While many are familiar with the bold esteem that accompany many red Bordeaux wines it would be doing the region a disservice to not discuss the multitude, yet lesser produced white varietals that are produced with equally impressive finesse and founded traditions.
Bordeaux is one of France’s, and most renowned, wine regions. Located on the southwestern borders of the country it’s wine-producing region backs just inland of the Atlantic ocean. The region is split into many wine regions across the hundreds of acres of vineyard land that calls the Bordeaux region home. On the left bank, wine regions of Medoc in the north, Graves produce mainly Cabernet Sauvignon-based wines, and on the right bank, and Saint-Emilion and Pomerol produce mainly Merlot-based wines. It is also home to where the prestigious, Château Petrus is produced and can often go at auctions for thousands of dollars for a single bottle. The south includes the regions of Entre-Deux-Mers which spans between the Dordogne and Garonne rivers, and the wine regions of Sauternes.
In white wine producing areas of Bordeaux, the main grapes selected for cultivation include Sauvignon Blanc, Semillon, Muscadelle and a few lesser known varietals such as Ugni Blanc, and Colombard. One such wine is the white wine of Château Carbonnieux located in the region of Pessac Leognan a few minutes south of the city of Bordeaux. The Sauvignon Blanc produced in Bordeaux is quite unlike any others in the world. For those of you familiar with New World expressions, it does not have the tropical fruit qualities that California offers, nor does it have quite the grassy pungence that New Zealand contains. White wines produced here, retain a fruity yet herbaceous, creamy yet structured quality that makes them a classic by any standard. Part of what makes these white Bordeaux wines so unique is the blending that is customary across the region. Wine makers structure and “build” these wines post harvest to best convey the essence of that vintage, adding more of this, less of that, to create wines that are both balanced and expressive. When looking at white wine labels from Bordeaux, it’s important to understand how these wines are classified to ensure quality matches your expectations. Bordeaux may be labeled as Bordeaux, Bordeaux Supérieur, or Crus Classés wines and, with all of the French on the labels, I find it’s easiest to remember imagining them as concentric circles that get smaller and smaller with “Bordeaux” as the largest circle as it is the more general indication and often less pricey, and Crus Classés productions as the smallest circle of the three. Crus Classés wines have been established and recognized for offering superior wines than their broader classified counterparts.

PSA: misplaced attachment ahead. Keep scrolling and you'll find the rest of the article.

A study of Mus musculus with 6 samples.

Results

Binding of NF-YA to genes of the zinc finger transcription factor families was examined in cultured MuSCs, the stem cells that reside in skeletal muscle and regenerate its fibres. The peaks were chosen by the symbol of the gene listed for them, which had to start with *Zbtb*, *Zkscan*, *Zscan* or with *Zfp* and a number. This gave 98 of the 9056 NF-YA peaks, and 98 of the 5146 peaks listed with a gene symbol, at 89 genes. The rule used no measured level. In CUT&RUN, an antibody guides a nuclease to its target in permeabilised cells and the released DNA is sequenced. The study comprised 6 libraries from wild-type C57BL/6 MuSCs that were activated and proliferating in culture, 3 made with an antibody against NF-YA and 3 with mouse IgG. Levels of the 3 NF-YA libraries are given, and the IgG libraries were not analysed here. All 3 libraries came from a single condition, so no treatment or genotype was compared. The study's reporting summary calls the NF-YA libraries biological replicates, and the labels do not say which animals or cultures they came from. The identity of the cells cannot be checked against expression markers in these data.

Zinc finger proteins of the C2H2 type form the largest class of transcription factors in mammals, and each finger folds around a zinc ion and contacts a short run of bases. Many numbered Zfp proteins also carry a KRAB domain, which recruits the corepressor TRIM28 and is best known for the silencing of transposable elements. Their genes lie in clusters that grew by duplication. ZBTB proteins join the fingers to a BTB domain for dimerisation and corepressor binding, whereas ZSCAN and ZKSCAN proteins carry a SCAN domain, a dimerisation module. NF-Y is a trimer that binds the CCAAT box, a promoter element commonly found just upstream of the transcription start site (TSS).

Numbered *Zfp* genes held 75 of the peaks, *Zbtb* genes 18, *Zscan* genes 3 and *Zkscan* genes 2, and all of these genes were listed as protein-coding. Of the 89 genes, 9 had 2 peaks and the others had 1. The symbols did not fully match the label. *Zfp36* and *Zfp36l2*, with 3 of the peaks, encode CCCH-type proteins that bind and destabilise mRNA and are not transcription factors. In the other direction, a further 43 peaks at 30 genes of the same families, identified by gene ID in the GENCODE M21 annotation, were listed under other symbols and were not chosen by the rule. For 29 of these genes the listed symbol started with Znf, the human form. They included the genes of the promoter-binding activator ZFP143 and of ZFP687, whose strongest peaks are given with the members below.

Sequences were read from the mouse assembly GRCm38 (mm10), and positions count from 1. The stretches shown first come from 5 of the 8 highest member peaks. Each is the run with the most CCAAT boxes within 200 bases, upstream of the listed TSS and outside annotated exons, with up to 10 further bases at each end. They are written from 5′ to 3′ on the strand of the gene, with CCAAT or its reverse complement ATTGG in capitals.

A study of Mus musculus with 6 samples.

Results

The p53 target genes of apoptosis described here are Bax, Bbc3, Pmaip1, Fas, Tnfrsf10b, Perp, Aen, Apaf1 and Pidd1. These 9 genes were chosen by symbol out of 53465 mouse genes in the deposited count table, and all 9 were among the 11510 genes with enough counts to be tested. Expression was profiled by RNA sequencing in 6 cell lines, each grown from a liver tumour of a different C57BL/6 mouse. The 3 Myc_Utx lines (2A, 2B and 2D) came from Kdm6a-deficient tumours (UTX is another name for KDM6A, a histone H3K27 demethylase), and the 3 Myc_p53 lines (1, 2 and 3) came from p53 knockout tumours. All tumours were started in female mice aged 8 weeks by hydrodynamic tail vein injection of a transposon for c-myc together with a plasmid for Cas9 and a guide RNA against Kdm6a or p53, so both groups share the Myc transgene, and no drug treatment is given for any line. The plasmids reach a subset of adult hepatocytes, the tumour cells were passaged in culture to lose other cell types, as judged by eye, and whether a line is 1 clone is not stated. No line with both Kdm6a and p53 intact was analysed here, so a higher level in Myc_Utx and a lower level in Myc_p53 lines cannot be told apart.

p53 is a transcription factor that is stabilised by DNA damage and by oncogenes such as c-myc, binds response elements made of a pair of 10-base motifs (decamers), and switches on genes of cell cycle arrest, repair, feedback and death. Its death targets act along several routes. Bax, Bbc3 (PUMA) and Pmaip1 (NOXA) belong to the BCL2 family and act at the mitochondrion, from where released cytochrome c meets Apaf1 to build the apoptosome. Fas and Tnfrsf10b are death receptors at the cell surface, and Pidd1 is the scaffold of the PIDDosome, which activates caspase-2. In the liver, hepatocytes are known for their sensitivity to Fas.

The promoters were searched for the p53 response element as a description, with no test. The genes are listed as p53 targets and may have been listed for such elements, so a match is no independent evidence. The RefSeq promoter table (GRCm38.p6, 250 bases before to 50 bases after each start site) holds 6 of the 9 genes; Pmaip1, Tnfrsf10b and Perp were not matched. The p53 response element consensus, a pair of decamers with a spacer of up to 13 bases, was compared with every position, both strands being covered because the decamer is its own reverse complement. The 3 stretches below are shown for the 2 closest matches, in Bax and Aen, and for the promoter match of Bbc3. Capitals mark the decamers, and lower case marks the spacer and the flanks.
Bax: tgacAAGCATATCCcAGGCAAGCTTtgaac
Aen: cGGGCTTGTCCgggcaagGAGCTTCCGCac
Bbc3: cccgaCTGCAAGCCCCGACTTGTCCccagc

Château Carbonnieux has roots linking back to the 12th century. The land was cultivated by Benedictine monks who laid the foundation for the winemaking success it came to know in the 1700’s and in the many years leading to its existence today. That is to say that this winery, and many others in France didn’t have their share of hardships, from the disease-ridden years from the Phylloxera (grape louse) epidemic, French revolution, and world wars which affected many of the regions of France. Nevertheless the Château Carbonnieux vineyard endured until the Perrin family purchased the winery after World War II. The family, which still owns the vineyard today, has ensured that good name — which has been linked with high-quality red and white productions — continues for many years to come.
Pale lemon in color, the wine has aromas of ripe apple, ginger, pear and baking spice with slightly herbaceous thyme and chives. As you taste this wine, the flavors of apple continue through, along with flavors of white peach, grapefruit, and lemon zest. This wine is dry with high acidity, and medium body and complexity. The addition of Semillon grapes to this wine helps round out the “edges” of the Sauvignon Blanc and creates great additional complexity and body.
With white Bordeaux wines such as these, look to complement the herbaceous qualities of your favorite dishes. Pair them with dishes including lots of fresh basil, like pesto, pea or asparagus risotto, or white fish with a simple beurre blanc to finish. The next time that you’re looking for a fresh Sauvignon Blanc for your cellar or meal du jour, I encourage you to pass on the New World productions, instead selecting the 2015 Château Carbonnieux Blanc Pessac-Leognan in an effort to get in touch with something a little more classic.